First of all, Armand made it through the surgery today just fine. No complications as of yet, and he came out of anesthesia better and more calm than he’s ever done before. However, overall it’s taking longer (he’s still not fully awake, and he was dicharged into recovery almost 3 hours ago), but he was also under for a longer time (he was taken back around 1:45, and taken to recovery around 6).
We have no results yet from the MRI, Dr. Whitley had not yet seen it, but both he and Dr. Karachunksi will see it tomorrow and we may have some idea then. Dr. Whitley did tell us that he spoke with Dr. Bothan (Armand’s opthamologist), who, while Armand was sedated, had done an eye exam and taken photographs of his eyes. We were told that he continues to have no cherry red spots; and apparently last time we were here in November there was either a slight substrate/lipid buildup or cranial fluid pressure on one of his optic nerve — that has now cleared up.
On the other side of things, during the spinal tap they measure his cranial fluid pressure. Less than 20 is considered normal — his was 19, whereas during his last two trips it was closer to 12/13. This spike, and his current level (while still considered within the normal range and nothing to alarm us) has given Dr. Whitley pause about giving Armand the minocyclin — the drug can raise cranial pressure in patients, and although it is a rare side effect, GM1 patients are susceptible to high pressure. So we will probably return here to MN in about 3 months, and we won’t start the minocyclin until about a month-to-six-weeks before then, so we can closely monitor his cranial pressure.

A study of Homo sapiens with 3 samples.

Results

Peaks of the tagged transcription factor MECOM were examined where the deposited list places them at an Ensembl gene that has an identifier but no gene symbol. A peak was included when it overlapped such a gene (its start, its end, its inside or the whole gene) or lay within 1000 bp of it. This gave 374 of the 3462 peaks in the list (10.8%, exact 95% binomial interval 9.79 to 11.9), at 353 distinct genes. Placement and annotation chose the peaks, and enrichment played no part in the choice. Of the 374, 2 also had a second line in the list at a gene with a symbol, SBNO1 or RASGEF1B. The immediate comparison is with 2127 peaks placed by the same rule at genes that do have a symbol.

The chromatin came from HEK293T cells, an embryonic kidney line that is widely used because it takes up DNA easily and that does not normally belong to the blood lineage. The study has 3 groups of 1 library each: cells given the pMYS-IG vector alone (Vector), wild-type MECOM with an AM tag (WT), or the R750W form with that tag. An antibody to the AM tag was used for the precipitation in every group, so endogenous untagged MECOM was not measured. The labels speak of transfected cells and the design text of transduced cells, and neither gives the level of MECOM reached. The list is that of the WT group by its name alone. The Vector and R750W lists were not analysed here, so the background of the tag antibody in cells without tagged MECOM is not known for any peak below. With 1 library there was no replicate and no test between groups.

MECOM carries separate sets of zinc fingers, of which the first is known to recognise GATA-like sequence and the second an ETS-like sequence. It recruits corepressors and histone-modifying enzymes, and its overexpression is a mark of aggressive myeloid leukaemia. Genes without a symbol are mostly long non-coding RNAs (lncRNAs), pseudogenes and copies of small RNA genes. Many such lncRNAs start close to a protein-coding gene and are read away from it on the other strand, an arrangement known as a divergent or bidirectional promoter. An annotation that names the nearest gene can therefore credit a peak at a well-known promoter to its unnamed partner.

After his time in recovery, he was wheeled (with us in tow) up to the 6th floor here to his room set up for his video EEG. They have a very expensive looking night-vision (I think, we have some low light on) camera to watch him all night, and a monitor showing his different EEG measurements, kind of like looking at a lie detector. After getting him settled in what is essentially a crib in a spot where the camera can see him, he began fairly restful, and then sure enough, he had a pretty long severe episode. We basically click a button that triggers an alarm within the readings, so that whoever reviews the video and readings can take a quick look at what happens. After that episode, he didn’t quite fall asleep, but he did relax for a while. We are probably going to be here until some time in the morning unless they can’t get any decent data, in which case we could be here doing this for 24 hours. Our follow-up with Dr. Bothan is tomorrow at 11am.
As of now (9:23 pm), Lindy is giving him some light dinner (avocado and soy yogurt) and then hopefully we can get him to actually sleep (ha!).
I still haven’t gotten any ice cream.